Another way to do a scarification body modification is cutting of the skin. This cutting style is not to be confused with self cutting to deal with emotional pain; scarification cutting is only done for cosmetic purposes. Surgical blades are used to cut the skin in this type of scarification. When the professional uses the sterilized surgical blade to create a body modification, the lines are generally thin. The thin cuts that were done might not leave the desired scar the person was hoping for. Removing a portion of the skin in the body art is usually required to create a larger more predominate scar. Depending on how big the art piece being done is and how big of a scar is being desired, will determine how much skin will need to be removed.
Other Scarification Methods
Skinning is usually part of the cutting method in scarification because of the different sizes of designs and the size of the scar that is trying to be achieved. A surgical blade is used to make the outside lines where the skinning is going to happen in the art design and then the skin is peeled away, leaving an open wound to scar over.
Hatching is another method used to create a scar; it’s much like skin removal or skinning. The motion an artist uses to sketch a picture is the same motion used in hatching, a surgical scalpel is used instead of a drawling utensil. The skin is then removed.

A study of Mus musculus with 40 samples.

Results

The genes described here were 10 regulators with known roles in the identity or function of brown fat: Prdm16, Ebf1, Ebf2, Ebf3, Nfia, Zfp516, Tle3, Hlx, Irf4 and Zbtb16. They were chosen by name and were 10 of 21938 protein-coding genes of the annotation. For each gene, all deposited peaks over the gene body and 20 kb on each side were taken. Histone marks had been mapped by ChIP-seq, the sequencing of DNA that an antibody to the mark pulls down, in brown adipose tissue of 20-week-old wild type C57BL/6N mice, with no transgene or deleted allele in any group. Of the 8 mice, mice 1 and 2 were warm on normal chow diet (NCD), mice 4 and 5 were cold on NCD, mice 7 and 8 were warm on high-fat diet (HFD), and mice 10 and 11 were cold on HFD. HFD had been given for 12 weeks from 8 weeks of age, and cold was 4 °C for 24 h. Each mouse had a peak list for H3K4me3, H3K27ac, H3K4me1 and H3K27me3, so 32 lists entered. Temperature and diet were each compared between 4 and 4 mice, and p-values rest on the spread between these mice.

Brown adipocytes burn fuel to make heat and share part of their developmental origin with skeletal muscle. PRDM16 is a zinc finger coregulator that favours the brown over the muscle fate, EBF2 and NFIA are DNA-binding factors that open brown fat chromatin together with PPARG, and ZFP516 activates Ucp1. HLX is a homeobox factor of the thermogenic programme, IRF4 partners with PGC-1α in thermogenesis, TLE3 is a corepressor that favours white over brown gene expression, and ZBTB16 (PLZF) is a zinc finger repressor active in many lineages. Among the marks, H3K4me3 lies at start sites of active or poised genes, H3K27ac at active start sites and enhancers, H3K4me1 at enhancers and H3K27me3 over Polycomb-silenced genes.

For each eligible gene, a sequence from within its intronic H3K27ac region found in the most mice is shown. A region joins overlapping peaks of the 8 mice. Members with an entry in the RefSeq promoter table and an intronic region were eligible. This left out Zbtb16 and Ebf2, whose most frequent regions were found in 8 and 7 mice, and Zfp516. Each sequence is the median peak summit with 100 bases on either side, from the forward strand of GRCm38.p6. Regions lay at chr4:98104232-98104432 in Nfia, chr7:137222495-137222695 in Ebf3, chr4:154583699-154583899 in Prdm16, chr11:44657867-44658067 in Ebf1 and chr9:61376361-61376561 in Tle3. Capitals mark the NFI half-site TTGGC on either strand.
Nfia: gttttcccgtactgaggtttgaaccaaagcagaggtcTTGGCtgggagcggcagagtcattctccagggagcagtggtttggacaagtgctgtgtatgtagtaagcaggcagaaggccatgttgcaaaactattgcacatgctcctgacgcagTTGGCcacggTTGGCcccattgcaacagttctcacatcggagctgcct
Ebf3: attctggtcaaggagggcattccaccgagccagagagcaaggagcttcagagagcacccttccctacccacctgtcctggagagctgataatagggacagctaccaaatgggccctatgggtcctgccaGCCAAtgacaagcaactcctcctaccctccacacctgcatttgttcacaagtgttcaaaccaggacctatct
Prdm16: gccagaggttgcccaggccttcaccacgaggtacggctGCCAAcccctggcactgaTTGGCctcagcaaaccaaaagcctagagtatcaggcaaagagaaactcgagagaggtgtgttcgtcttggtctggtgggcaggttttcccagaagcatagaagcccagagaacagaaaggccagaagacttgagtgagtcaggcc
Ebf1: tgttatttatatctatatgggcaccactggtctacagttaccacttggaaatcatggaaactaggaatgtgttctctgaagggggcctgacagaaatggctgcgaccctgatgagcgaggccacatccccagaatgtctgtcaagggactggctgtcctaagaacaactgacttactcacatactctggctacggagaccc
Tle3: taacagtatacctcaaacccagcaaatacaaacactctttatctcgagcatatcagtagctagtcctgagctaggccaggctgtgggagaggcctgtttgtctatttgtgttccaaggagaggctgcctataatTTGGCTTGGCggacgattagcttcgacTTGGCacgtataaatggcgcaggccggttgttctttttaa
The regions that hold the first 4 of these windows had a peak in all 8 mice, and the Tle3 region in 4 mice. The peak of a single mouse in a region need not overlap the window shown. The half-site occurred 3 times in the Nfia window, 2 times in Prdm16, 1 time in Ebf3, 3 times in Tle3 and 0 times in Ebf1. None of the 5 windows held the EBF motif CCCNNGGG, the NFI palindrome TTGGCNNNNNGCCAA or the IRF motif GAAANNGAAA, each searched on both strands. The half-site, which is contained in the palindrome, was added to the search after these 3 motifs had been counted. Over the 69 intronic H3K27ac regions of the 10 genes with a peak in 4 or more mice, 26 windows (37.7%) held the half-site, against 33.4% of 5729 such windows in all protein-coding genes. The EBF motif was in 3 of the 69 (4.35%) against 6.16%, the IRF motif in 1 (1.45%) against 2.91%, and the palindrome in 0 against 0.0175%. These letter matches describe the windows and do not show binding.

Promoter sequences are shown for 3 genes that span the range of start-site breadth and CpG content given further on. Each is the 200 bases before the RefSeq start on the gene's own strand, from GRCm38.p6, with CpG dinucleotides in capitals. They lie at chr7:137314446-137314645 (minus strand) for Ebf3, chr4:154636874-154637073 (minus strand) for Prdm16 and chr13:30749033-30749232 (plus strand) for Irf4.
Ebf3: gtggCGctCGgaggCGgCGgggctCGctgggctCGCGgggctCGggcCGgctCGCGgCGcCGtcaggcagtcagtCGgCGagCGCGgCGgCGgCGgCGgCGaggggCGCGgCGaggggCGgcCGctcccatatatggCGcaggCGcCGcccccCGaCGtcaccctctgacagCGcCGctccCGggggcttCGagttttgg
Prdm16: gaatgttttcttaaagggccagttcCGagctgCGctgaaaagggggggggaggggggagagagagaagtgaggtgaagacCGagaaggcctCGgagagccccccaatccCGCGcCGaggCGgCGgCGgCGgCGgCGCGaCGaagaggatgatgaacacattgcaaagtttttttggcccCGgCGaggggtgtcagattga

Along with cutting, there are other techniques that are used to create the perfect scar. One of the most heard of is ink rubbing. After the cutting of the scarification has been done some body art enthusiast take a sterile coloring agent, usually tattoo ink and rub it into the open wounds. As the healing process begins, the ink remains in the skin. It is important not to pick the scabs because it will pull the sterile coloring agent out. The end result of ink rubbing maybe very disappointing. Most people view this body modification as a shoddily done tattoo instead of a scarification.
Another techniques used along with cutting is Packing. Packing is done mostly in Africa. A diagonal incision is made and either a form of clay or ashes are placed inside the open wound. The natural healing process of the body will form a scar and slowly push the ash or clay out, leaving a bigger scar then without a substance in the cut. In the United States, it is not unheard of for people to use cigar ashes or ashes of a deceased loved one in the packing scarification process.
Abrasion is another process that can be done to do a scarification body modification. This method basically uses friction to remove layers of skin to create a scar. The friction needed to create this scar can be caused from using a tattoo machine without any ink, sandpaper, or a dermal tool tip to grind away the layers of skin. The type of scar that is usually left from abrasion is not as raised as other methods. Chemical abrasion can also be done to create a body modification, although this is a far less known and explored form of scarification.